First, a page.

One of the conditions of our trip to Italy was that my husband's brother was determined to visit Pompeii. I can't say I had his passion for this excursion, but I did remember reading about the story of Pompeii as a child, and I thought it might prove interesting.
I'm not sure what I expected, now that I look back on it. Perhaps I thought there might be little tableaux, like the ones you sometimes see in museums, of people frozen in the midst of simple household tasks? Or perhaps it was just that that's what the illustrations were in the book I'd read so long ago.
What I didn't expect was a dead dog, perfectly preserved in ash, contorted in agony; what I didn't expect was this person, also preserved, in a final act of prayer. There is something about the posture of prayer that is so universal, so recognizable, that despite the fact that there were hundreds of tourists passing by this, one of the few human figures at the site, there was virtual silence at this point in the journey. We could all identify, and I suspect we were all humbled by the sight.
I visited a meditation gathering of local Buddhists last night, and when the evening was done the conversation turned -- not surprisingly -- to our recent election. And each person in the room spoke of tears they had shed, relief they had felt, hope that had begun to rise again. "I had no idea how depressed and discouraged I was," said one woman, "until it was over, and I realized I was actually proud again to be an American."
Everyone also had stories to tell of friends they knew in other parts of the world -- in Denmark, in France, in Canada, in Taiwan who had told them there was dancing in the streets in all these faraway places when Obama won.
"Yes," said one, "But there is so much work to be done."
"Ah," said another, "But he won't be doing it alone!" and they all began to discuss ways they could help, volunteer opportunities, contribution opportunities...
There are moments -- rare, to be sure, but they do exist -- when the barrier that separates us as individuals from the rest of humanity becomes highly permeable, if not invisible. And at those times, however brief, there is a universal empathy that arises; a sharing in the feeling, and a longing to reach out and help.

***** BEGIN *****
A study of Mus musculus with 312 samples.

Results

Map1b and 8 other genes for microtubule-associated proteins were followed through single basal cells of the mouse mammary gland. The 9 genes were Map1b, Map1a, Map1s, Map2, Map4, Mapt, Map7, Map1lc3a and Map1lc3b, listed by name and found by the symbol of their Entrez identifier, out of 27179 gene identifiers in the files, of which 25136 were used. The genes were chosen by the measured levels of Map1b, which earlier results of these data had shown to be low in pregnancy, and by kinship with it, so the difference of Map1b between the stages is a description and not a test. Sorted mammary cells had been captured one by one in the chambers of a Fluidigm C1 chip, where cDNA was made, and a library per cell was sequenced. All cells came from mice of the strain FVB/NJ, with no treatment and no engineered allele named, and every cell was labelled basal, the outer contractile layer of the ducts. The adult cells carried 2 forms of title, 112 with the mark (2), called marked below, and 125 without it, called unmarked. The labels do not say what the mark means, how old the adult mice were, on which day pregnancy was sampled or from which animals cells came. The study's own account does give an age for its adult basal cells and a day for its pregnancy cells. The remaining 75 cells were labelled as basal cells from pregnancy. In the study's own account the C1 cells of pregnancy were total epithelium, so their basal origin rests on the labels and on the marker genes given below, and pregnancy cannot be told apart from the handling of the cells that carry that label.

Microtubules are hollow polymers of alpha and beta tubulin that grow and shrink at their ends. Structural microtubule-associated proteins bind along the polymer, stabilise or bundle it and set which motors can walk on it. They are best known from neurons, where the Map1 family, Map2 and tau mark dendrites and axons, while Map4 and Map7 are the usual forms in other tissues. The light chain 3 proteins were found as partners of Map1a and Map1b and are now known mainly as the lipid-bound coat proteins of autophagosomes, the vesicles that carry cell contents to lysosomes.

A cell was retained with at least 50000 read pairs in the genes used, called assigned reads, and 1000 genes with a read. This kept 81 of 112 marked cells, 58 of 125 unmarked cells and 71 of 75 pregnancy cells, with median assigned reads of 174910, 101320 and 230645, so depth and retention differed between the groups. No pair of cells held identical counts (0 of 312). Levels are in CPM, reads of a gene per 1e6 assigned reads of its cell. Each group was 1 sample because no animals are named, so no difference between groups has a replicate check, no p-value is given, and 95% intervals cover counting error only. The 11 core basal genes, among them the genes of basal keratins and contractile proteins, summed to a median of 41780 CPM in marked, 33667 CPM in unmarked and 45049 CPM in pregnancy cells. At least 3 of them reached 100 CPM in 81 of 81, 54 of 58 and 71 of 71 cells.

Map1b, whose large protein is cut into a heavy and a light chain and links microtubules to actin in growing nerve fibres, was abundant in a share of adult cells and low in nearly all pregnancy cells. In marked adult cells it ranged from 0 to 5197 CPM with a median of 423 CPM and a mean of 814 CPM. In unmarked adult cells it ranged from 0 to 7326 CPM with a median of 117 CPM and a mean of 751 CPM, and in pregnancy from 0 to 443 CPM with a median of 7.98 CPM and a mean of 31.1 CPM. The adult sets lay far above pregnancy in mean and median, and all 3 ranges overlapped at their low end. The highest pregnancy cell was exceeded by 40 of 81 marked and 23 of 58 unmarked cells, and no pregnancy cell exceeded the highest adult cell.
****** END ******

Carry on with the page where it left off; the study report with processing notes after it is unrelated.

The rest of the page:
The root words for compassion, this universal empathy, have to do with "feeling with;" and I remember reading somewhere that the word shares its root with the word for womb. Which means compassion holds within in it the tenderness a mother feels, sharing life with and caring for her unborn child, still so much a part of herself; another way of looking at the commandment to love your neighbor as yourself.
So I think of those silent tourists, stopping to gaze at this poor soul huddled in the fetal position, awash in prayer, and I feel hope: that the compassionate response is innate, and automatic -- ingrained in us from birth -- and that now, perhaps, we have another chance to get it right, to build bridges across the chasms that have split our country apart and have isolated us from the rest of our human family.
I pray, with all my heart, that this might come to pass. And yet, at the same time, I look at this figure and wonder: can there be any hope? Or have we let it go too long, so that we are now doomed to be buried under a mountain of our own making; a mountain of debt, a mountain of trash and plastic, an environmental holocaust... We have screwed up on so many levels. Will we be able to hold back the lava of it all? I just don't know.